Autism is defined as “a pervasive developmental disorder characterized by extreme unresponsiveness to others, poor communication skills, limited skill at imaginative play, and highly restricted and repetitive behavior.”
Types of Autism Spectrum Disorders:
It’s important to know that there are three quite different types of autism spectrum disorders: autistic disorder or what is called classic autism, Asperger syndrome and pervasive developmental disorder – not otherwise specified (atypical autism). The most common form of autism spectrum disorder is classic autism. Warning signs commonly associated with autistic disorder include the following: delayed speech, social and communication problems, obsessive and/or odd behaviors such as: hand flapping, rocking and/or spinning in circles and/or learning disabilities.
If you have autism spectrum disorder, you avoid or have a strong, negative reaction to the touch of others. You react in unexpected ways to sounds, smells, textures, tastes and/or appearance. Questions may elicit unrelated answers. Other people’s emotions are a mystery to you. You do not intend to be cold or unresponsive; you just understand what others may be feeling.
If you have Asperger syndrome you may have the same symptoms as someone with classic autism or atypical autism, but in milder forms and without the language or intellectual problems. Pervasive developmental disorder – not otherwise specified (atypical autism) usually causes social and communication challenges.
It may be difficult to gain an understanding of autism spectrum disorders from a list of diagnostic criteria. Click on this link to see a segment from a documentary in which a young man describes what he calls “social dyslexia”. youtu.be/WAfWfsop1e0.
While many disorders arise during your early years of life and diminish or disappear over time, autism spectrum disorders continue throughout your entire lifespan. This is not to say that the condition does not improve or that you will be unable to live a happy and productive life. An early diagnosis is essential and parents must be alert to early warning signs that may can occur from first few months after birth to 1 ½ or 2 years old. An autistic child will lose skills that they once had and be unable to learn new skills.
How Common are Autism Spectrum Disorders?
The number of autism spectrum disorders cases being reported is growing rapidly, either because of an actual increase in their occurrence, a broadening definition or greater efforts at detection. Whatever the reasons may be, the Centers for Disease Control sets the prevalence rate of autism at 1 in 150 children in the United States, 1 in every 100 in the United Kingdom, 1.7 million individuals in India and nearly two million in China.
The exact cause of autism spectrum disorders is unknown at this time, but there appears to be a genetic factor involved in the development of autism-related disorder. Children, whose brother, sister and/or parent has an autism spectrum disorder is at greater risk for one of these disorders. Medical disorders such as fragile X syndrome, tuberous sclerosis, Down syndrome and other chromosomal disorders have been linked to autism spectrum disorders. Poor parenting skills do not appear to play a role in the development of this condition.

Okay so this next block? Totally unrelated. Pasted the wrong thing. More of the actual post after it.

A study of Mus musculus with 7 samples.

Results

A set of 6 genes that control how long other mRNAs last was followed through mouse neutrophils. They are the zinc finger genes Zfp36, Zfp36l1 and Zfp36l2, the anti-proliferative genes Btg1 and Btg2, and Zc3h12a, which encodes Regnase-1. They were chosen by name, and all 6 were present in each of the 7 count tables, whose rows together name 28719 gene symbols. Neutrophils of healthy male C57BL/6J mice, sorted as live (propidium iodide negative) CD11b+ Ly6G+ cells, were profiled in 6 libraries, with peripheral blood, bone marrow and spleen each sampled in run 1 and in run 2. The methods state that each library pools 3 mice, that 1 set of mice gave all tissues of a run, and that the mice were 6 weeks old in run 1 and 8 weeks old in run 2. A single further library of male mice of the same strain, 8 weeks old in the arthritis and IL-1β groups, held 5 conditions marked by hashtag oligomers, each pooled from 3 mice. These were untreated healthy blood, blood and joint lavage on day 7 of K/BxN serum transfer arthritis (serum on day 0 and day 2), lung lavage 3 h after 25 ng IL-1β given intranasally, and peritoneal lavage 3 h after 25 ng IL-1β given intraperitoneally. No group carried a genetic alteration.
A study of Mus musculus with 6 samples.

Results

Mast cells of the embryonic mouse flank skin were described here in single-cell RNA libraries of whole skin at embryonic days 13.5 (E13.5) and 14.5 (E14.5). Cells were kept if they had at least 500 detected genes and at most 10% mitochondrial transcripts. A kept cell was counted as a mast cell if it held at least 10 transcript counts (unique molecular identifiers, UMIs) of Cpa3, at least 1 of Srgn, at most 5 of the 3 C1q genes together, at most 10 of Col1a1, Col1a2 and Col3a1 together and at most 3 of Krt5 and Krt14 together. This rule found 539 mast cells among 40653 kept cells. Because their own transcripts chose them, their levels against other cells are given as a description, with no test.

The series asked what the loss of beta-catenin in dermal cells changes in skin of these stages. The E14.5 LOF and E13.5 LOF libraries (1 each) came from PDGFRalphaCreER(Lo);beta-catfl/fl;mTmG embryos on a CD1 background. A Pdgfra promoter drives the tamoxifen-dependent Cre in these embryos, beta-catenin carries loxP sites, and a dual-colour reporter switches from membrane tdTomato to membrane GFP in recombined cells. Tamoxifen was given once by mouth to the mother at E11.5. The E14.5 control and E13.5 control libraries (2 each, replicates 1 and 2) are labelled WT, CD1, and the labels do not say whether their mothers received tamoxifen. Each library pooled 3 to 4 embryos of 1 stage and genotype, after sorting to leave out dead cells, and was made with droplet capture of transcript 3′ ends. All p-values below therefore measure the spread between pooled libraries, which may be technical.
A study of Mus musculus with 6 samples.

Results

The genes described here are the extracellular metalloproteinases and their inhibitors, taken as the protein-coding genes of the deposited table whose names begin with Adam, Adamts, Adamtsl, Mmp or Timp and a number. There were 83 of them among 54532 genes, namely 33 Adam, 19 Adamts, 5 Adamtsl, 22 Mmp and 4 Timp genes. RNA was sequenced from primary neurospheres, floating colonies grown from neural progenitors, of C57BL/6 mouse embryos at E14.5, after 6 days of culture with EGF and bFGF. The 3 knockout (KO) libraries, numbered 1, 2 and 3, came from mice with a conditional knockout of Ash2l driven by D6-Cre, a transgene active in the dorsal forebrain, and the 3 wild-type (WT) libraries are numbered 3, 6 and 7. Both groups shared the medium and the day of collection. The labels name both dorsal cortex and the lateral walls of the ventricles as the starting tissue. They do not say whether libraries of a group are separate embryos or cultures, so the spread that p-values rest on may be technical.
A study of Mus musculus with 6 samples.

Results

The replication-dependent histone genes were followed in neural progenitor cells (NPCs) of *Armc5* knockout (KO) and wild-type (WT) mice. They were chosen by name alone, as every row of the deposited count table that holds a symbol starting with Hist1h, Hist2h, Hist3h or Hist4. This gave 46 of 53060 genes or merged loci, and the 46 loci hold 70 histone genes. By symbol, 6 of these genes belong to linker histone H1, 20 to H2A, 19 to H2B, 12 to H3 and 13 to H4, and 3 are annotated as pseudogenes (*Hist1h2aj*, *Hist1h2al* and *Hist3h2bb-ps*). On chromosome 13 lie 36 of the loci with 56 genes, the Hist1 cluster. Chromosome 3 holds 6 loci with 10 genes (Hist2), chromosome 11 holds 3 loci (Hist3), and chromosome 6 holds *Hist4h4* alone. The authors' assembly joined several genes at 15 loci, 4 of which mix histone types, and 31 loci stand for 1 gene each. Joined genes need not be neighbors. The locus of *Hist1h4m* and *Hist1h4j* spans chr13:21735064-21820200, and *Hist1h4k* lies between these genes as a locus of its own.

Several students who have been diagnosed with Asperger syndrome produced a graphic illustration of the biology behind autism spectrum disorders. Check this link to get a better idea of autism spectrum disorders (youtu.be/ePlX0zUZktU).
What are the Best Ways to Treat Autism Spectrum Disorders?
Early treatment is the key to treating autism spectrum disorders. Discrete trial training is a type of treatment that separates sessions into a series of desired steps leading to the desired behaviors or responses. “Floor time” focuses on feelings, caregiver relationships and the sights, sounds and smells in the child’s environment. Speech therapy helps with communication problems. If speech is not possible, the picture exchange communication system teaches you how to use symbolic pictures to communicate with others.
Dr. Temple Grandin, author of several books about her own life with Asperger syndrome and the subject of an HBO film, frequently lectures about the need for swift and early intervention.
Although there are no pharmaceutical treatments available, medications are sometimes prescribed to help manage high energy levels, attention problems, depression and seizures. There is some anecdotal evidence that changes in diet can reduce the effects of autism spectrum disorders.
Where Can I Find Additional Information on Autism Spectrum Disorders?
There are 350 articles available on autism spectrum disorders. The organization, Autism Help (www.autism-help.org/) has answers to just about any question you may have on autism spectrum disorders.
Books on autism spectrum disorder include:
Thinking in Pictures: My Life with Autism by Temple Grandin, The Way I See It: A Personal Look at Autism and Asperger’s by Temple Grandin and Ruth Sullivan and Aspie Teen’s Survival Guide: Candid Advice for Teens, Tweens, and Parents, from a Young Man with Asperger’s Syndrome by J.D. Kraus
Centers for Disease Control and Prevention. (n.d.). Facts about ASDs. Retrieved from www.cdc.gov/ncbddd/autism/facts.html.
Comer, R. J. (1996). Fundamentals of abnormal psychology. New York: W.H. Freeman and Company.
Kaplan, H. I. & Sadoc, B. J. (1996). Concise textbook of clinical psychiatry. Baltimore, MD: Williams & Wilkins.